A sunny place for shady people” was W. Somerset Maugham’s pithy summation of Monaco, the tax haven and resort of the wealthy in the south of France close to where the writer lived for much of his life.

Whether or not Maugham’s works occupy a prominent place on the bookshelves of financial regulators, the authorities have spent the past decade turning the screw on the growing number of tax havens that have sprung up around the world.

Definitions of a tax haven vary. But the IMF considers that they normally comprise centres with large numbers of financial institutions doing business primarily with non-residents and dealing in sums that are disproportionate to the needs of the domestic economy. These centres normally levy no or low taxes; apply light standards of regulation; and permit a high level of banking secrecy or anonymity.

Measuring the scale of business carried on through such centres is by definition difficult, with estimates ranging from the IMF’s $5,000bn of assets held offshore to a figure of $11,500bn by the Tax Justice Network, a UK-based campaign group.

The individual client business of tax havens typically consists of establishing trusts, companies or foundations to hold the assets that individuals want to hold outside their home country. The banks, lawyers and accountants whose brass plates cluster on the office fronts of these centres provide financial, legal and accounting advice to help individuals structure their finances in the most efficient manner. As well as personal financial planning, tax havens provide a range of services to companies, hedge funds, investment trusts and unit trusts.

Choosing a tax haven may depend on where an individual’s professional advisers have established a presence since many of the services provided by the different centres are very similar. But physical proximity is useful since active money or company management may require regular meetings. “It is essential to establish a face-to-face relationship,” says Roy McGregor, chief executive of Credit Suisse in Guernsey. “You have to get to know the people.”

The Organisation for Economic Co-operation and Development identified 47 potentially harmful preferential tax regimes in member countries in a review in 2000. Last month, the OECD announced that the Marshall Islands had become the second country in a matter of weeks, after Liberia, to fall into line with the organisation’s clean-up. Only three countries – Andorra, Liechtenstein and Monaco – remain on the OECD list of “unco-operative” tax havens.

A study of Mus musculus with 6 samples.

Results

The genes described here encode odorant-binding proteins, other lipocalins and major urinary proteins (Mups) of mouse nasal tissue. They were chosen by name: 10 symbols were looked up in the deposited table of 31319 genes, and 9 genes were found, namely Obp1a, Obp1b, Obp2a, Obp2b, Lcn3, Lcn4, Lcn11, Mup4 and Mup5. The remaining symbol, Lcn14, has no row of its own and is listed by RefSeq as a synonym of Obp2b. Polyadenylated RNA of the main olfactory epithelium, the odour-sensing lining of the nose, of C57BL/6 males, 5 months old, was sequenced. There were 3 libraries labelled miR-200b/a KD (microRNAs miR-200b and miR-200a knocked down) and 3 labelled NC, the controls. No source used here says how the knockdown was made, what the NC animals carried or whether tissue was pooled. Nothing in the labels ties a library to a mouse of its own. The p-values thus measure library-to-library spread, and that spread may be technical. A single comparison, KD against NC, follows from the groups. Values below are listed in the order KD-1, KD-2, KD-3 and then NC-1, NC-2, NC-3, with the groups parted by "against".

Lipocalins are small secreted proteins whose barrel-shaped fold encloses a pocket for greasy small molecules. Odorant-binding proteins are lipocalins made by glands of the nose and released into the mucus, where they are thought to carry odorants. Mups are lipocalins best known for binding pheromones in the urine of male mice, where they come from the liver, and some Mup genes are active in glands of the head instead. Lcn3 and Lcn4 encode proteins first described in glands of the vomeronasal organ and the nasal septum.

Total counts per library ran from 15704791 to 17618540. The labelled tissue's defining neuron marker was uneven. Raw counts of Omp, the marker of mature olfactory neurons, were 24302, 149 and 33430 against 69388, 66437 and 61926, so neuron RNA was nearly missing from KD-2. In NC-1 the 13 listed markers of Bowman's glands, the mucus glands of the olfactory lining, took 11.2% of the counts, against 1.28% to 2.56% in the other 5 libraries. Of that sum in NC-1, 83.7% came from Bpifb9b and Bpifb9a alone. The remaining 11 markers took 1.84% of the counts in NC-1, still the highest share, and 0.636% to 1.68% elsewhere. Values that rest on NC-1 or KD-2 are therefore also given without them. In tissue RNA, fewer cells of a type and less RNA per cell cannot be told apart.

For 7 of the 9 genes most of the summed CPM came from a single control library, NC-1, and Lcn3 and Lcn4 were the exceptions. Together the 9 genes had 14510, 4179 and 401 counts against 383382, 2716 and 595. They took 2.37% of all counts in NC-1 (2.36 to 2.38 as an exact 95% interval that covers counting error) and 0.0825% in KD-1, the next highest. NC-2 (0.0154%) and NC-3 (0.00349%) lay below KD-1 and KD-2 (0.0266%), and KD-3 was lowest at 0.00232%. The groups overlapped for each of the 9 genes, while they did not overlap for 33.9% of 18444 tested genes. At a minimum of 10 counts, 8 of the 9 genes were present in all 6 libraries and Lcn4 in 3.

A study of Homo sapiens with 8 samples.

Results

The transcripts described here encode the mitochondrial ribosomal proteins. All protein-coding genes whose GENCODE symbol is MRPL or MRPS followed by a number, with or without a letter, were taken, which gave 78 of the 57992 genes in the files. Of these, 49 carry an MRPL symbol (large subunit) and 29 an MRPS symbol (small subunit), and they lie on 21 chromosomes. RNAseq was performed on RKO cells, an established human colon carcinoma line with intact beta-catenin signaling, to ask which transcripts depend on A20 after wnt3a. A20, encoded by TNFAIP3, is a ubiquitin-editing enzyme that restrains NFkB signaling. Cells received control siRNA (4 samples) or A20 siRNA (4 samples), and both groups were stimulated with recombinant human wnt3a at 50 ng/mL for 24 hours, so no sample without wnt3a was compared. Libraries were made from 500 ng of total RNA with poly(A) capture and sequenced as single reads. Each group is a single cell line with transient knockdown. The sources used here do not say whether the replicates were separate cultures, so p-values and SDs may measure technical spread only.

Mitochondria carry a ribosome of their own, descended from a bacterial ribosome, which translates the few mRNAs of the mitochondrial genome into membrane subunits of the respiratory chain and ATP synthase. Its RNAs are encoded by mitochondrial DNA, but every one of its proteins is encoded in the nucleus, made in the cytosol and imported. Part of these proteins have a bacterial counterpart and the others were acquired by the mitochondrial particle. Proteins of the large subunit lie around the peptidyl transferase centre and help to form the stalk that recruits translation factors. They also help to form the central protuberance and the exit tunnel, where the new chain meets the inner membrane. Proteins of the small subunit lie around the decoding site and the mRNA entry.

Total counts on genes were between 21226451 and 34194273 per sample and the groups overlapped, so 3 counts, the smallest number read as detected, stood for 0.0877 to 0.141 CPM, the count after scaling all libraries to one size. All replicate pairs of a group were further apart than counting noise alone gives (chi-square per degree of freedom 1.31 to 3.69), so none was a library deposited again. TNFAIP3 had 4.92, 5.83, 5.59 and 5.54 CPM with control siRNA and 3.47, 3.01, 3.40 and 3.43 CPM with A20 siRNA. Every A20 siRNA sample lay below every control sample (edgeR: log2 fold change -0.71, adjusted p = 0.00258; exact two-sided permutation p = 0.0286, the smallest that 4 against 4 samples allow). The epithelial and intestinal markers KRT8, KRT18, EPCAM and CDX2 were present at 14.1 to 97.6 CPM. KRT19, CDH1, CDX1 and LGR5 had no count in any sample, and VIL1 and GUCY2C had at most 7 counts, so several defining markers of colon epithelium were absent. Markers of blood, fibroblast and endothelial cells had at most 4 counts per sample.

The OECD counted 35 offshore centres when it launched an investigation in 1996 although a small number have since shut up shop under the pressure of tougher regulation and fiercer competition. The term “offshore” and the physical remoteness of many of these centres combined to promote the idea of secrecy on which they have traditionally depended.

The weight of scrutiny has meant that many of the bad old practices – facilitating tax evasion, laundering the proceeds of crime and, more recently, funding terrorism – have been reined in in the less respectable centres. But even those centres which have always adopted higher standards have found themselves subject to greater scrutiny and tighter controls.

“The historical view that these offshore islands are here to pick up disreputable money is just not true,” says Mr McGregor. “Nobody does business like that any more. Nor do they want to.”

“It has been a one-way trade to tighter regulation,” comments Michael Lagopoulos, head of RBC Global Private Banking. “The issue has been one of tighter rules around tax mitigation and tax planning and how you use the offshore centres. The institutions have reputations to protect and they need to make sure their clients’ tax plans are legitimate.”

The OECD kicked off the regulatory blitz with a study of the jurisdictions that were reckoned to constitute tax havens because they had no or low taxes, a lack of transparency and a refusal to exchange information with other authorities.

The OECD initiative has produced improvements but it ran into opposition from US lobbyists who objected on the grounds that it was stifling tax competition. The US was a fine one to criticise, some of the offshore centres responded, given the lax reporting standards in Delaware and many other US states.